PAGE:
Fuelled with a passion for property, design and innovation, he has a clear vision for the future of property investment built on a solid financial model.
Anyone who has watched the news in the last six months would likely have been confronted with fear-inducing headlines about property market declines. Attention-grabbing front pages and “special reports” about falling property prices in Australia have a lot of Australians worried. And property investors, or those thinking about becoming property investors, are now asking “when is a good time to buy” rather than “where is a good place to buy?”
The questions are related, and since DPN has observed several property cycles in our twenty two years in business, we thought we’d help put some of the headlines in perspective.
With the right advice property investing in a falling market makes sense
First, the facts. Yes, property prices are falling. But contrary to what the headlines or the ominous-sounding news bulletins might suggest, it’s not a nationwide phenomenon. Property prices in Sydney and Melbourne have indeed fallen in the last 6-12 months. But in the rest of the nation, falls are barely anything to note, with other capital city markets like Brisbane and Adelaide remaining relatively stable. Meanwhile, other regions have skyrocketed, such as Hobart, Canberra and Victoria (Melbourne excluded).
Annual change in dwelling values - broad regions of Australia.
So why the scary headlines?
It’s because our largest cities, Sydney and Melbourne have a much more significant effect on the average national property price. It’s like having a school subject where the assignment is worth 30% and the final exam is worth 70%. It doesn’t matter how well you do on the assignment; if you go badly on the more heavily weighted exam, your overall average will be lower. In this example, Sydney and Melbourne are the “exam”. And that’s not such a bad thing.
Property Market Context
Sydney and Melbourne might have fallen faster than other markets in the last short period, but context is critical in property investing. Over the most recent long-term cycle of 5-8 years, house prices in Sydney and Melbourne have grown much faster than the rest of the country. In fact, cast your mind back around 18 months, and the topic occupying a lot of sections of the media was the crisis in housing affordability in our largest cities, and fears of a lost generation who could never afford to buy their own home.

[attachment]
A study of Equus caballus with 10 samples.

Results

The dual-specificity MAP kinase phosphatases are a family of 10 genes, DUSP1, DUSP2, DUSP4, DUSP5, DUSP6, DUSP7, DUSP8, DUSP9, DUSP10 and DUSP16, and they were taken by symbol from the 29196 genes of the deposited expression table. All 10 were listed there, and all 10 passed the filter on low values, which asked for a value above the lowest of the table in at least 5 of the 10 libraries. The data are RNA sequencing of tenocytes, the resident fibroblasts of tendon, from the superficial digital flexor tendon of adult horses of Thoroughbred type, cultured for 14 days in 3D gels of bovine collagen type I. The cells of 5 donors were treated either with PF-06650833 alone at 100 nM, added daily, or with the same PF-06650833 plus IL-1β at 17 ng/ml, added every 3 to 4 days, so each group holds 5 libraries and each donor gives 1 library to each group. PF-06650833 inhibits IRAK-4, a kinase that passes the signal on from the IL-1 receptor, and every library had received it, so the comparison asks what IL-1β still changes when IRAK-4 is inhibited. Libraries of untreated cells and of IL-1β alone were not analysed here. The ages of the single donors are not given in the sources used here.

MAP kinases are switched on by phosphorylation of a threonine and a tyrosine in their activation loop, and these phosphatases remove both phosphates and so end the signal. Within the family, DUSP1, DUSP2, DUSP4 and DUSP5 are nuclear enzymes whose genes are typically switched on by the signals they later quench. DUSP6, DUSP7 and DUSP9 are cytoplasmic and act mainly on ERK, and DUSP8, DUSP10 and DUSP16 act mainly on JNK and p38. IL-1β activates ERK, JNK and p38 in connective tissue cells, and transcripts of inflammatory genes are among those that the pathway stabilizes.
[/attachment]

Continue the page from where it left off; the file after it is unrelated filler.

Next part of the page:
But by rising faster than the rest of the country for longer, these two large markets have risen more than the long-term average, and gotten well ahead of the rest of the country. The economic term for when this abnormal growth rate returns to normal is “mean regression”. But the simple explanation is that when something is well above an average rate, it is likely to fall back to it over time or “correct”.
No Such Thing as an Average
In fact, there are over 8,800 suburbs in Australia. And each of those suburbs has poor investment options, promising possibilities, and in rare cases, fantastic opportunities for the property investor who is willing to do the work to discover them.
We spend a great deal of time educating people that it’s individual suburbs that count, not headlines about housing markets. An attractive suburb with good infrastructure, in a location that will always be convenient to the CBD or beach, and with a strong community, will be attractive in any market. For places like that, the pool of buyers who will find living there attractive will always be there, regardless of overall conditions. The challenge of a property investor is locating these suburbs and then staying agile and well-informed on a local level to identify and act on the best opportunities when they arise.
In addition to these established gems, there are the rougher “uncut diamonds” in every city and region that, given some time and patience, will grow in prominence with buyers and investors. For those who know what to look for early, these specific suburbs have a powerful tailwind behind them in terms of capital growth and rental yield.
Never before has research and expertise been more important. Investors with the right tools and advice at their disposal can take advantage of markets like today to identify fantastic long-term opportunities that will deliver strong returns for years to come.